Teaching Students About Present Tenses

Let’s get the most important question out of the way and figure out what the present tense is.

The present tense is one of the three main tenses, along with the past and future tenses, in which verbs will often appear. As the name suggests, the present tense is used to show that something is happening in the current or right now.

The present tense has four variations: present continuous, present perfect continuous, present perfect, and simple present tense. In this teaching wiki, we’ll cover each of them in detail and explain how they might be used in a sentence.

What are three examples of the present tense?

But first, let’s boost our understanding of the present tense by taking a look at a few examples alongside their past and future forms:

Past: He took a bus into town.

Present: He is taking a bus into town

Future: He will take a bus into town.

Past: She cooked dinner for her family.

Present: She is cooking dinner for her family.

Future: She will cook dinner for her family.

Past: The football team competed in the tournament.

Present: The football team is competing in the tournament.

Future: The football team will compete in the tournament.

From these examples, you should understand what a sentence written in the present tense looks like. Now without further ado, let’s look at each of the four different forms of the present tense:

What are the four types of present tense?

1) Simple Present Tense

The simple present tense is used when events happen continually over some time in the present. For example, when activities are done daily or by expressing thoughts and feelings.

Check out these examples of Simple Present Tense:

  • Carl goes on holiday every year
  • I feel ill
  • We wake up for work at 7 am

You might like to challenge your pupils to add simple present-tense examples to this list.

Learn how to form the Simple Present Tense:

First-person singular: I dance

Second-person singular: You dance

Third-person singular: He/she/It dances (note the ‑s)

First-person plural: We dance

Second-person plural: You dance

Third-person plural: They dance

2) Present Continuous Tense

The present continuous tense describes an ongoing action that is happening right now, which is in progress or hasn’t been completed. The present continuous tense is used to write about events or actions that are happening currently.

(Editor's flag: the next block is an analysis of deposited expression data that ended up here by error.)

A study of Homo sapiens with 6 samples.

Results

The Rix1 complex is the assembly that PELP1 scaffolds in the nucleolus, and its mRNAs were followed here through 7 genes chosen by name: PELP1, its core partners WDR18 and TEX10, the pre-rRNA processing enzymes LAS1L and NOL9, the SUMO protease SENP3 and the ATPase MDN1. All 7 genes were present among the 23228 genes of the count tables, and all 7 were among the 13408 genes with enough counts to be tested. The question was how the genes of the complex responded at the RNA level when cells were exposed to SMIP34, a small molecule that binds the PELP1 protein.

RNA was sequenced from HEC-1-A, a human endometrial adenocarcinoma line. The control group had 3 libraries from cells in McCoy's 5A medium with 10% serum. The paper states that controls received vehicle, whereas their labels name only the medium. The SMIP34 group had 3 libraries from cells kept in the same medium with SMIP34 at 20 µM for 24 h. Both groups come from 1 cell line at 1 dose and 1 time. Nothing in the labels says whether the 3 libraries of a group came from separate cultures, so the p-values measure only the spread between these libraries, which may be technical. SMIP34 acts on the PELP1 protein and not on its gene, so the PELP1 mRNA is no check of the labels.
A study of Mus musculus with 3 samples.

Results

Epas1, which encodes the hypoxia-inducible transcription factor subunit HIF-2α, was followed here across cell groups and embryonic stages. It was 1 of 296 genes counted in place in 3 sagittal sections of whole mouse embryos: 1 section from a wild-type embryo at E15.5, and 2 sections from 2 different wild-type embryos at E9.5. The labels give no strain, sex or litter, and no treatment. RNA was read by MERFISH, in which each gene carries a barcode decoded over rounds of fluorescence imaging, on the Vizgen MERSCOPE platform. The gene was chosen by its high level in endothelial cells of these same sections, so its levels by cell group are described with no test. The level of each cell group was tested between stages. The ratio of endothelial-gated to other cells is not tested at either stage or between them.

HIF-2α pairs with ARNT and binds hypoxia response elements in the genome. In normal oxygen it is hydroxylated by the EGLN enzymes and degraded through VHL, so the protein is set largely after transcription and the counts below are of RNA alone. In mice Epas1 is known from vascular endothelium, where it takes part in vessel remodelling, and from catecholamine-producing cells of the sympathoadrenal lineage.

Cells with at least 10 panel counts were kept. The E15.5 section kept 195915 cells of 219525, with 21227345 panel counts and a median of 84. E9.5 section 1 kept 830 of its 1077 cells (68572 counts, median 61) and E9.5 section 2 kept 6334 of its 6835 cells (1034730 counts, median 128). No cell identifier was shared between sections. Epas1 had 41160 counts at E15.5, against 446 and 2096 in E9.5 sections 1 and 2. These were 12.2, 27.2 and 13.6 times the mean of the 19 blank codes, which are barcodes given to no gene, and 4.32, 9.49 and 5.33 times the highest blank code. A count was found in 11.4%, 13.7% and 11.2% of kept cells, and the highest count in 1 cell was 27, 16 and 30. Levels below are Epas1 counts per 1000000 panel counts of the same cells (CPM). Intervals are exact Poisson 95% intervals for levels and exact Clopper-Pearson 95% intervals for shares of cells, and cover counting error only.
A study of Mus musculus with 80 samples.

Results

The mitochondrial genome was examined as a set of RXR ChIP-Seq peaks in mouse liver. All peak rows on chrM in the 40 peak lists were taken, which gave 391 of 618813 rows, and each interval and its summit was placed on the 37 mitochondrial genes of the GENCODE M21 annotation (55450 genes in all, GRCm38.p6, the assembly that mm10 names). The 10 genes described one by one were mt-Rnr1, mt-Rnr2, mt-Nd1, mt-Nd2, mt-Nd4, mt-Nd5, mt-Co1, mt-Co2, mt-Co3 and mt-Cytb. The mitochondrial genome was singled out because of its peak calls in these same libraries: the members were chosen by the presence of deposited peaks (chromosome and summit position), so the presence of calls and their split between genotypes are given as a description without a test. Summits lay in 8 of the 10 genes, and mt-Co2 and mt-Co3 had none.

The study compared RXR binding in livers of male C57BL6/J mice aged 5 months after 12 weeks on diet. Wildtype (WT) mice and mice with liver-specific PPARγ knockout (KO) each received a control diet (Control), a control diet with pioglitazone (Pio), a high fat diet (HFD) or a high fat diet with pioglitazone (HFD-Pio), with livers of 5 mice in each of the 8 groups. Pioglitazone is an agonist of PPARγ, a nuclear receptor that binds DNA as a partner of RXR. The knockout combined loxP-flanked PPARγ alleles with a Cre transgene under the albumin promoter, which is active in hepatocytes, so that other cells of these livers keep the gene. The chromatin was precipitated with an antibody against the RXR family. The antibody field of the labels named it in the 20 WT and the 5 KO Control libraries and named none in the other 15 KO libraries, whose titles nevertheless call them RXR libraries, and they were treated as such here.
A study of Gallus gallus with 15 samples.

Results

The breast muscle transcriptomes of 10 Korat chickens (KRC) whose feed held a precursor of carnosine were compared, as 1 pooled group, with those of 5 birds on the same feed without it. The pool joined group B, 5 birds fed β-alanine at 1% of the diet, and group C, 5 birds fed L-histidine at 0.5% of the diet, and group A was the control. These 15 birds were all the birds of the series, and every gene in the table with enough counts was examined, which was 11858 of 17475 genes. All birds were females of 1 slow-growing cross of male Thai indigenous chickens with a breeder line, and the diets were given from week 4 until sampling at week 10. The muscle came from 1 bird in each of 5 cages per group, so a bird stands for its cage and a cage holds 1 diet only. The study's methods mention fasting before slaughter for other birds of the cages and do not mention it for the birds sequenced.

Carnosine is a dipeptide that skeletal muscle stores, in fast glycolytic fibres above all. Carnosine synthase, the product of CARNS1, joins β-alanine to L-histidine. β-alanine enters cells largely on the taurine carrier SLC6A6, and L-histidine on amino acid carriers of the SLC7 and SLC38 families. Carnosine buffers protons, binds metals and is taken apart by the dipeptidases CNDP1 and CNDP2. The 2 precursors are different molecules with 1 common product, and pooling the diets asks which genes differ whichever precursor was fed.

We typically use the present continuous tense with the appropriate ‘to be’ verb and a dynamic verb. A dynamic verb shows action and/or process.

Check out these examples of Present Continuous Tense:

  • It is raining.
  • I am not going out after work today.
  • James can’t come to the phone because he is making tea.

Learn how to form the Present Continuous Tense

First-person singular: I am

Second-person singular: You are

Third-person singular: He/She/It is

First-person plural: We are

Second-person plural: You are

Third-person plural: They are

3) Present Perfect Tense

The perfect form is a verb tense that consists of the present perfect, the past perfect, and the future perfect. We use it when talking or writing about actions completed by the present or a specific moment in the past or future. For example, the present perfect tense is used for repeated actions that began in the past but are not finished yet.

Check out these examples of Present Perfect Tense:

  • I have guitar lessons every Monday.
  • We have known each other since school.
  • There has been an accident.

How to Form the Present Perfect Tense

First-person singular: I have

Second-person singular: You have

Third-person singular: He/She/It has

First-person plural: We have

Second-person plural: You have

Third-person plural: They have

4) Present Perfect Continuous Tense

And finally, we have the present perfect continuous. This will likely be the last of the present tenses you teach your little ones in KS2. The present continuous tense indicates that an action or condition is happening now, frequently, or may continue.

The present continuous (present progressive) tense is a way to convey any action or condition that is happening right now, frequently, and maybe ongoing.

Check out these examples of present Perfect Continuous Tense:

You can use some of our simple examples of present continuous tense to help explain how to identify and use the formula of this tense form.

  • He is going to the library.
  • We are coming to shopping in this market.
  • You are shopping in that market.
  • I am writing articles on different topics.
  • He is reading various kinds of books.
  • They are playing football now.

What are Present Tense words?

We’ve looked at each of the four present tense forms and read through a few examples. So, let’s briefly explore some valuable words and phrases that you or your learners can use when forming sentences in the present tense:Top of Form

Present tense Word Bank Example Sentence
Simple present tense Every day, month, week, year, consistently, sometimes, never, frequently Steve runs three miles every day.
Continuous present tense I am, is, are The boys play netball after school.

We are visiting the museum in the afternoon.

Perfect present tense Has, have John has taken Sarah’s advice.

They have fixed the fence.

Perfect continuous present tense Has been, have been, haven’t been I have been watching TV for hours.

Nat has been learning ballet for seven years.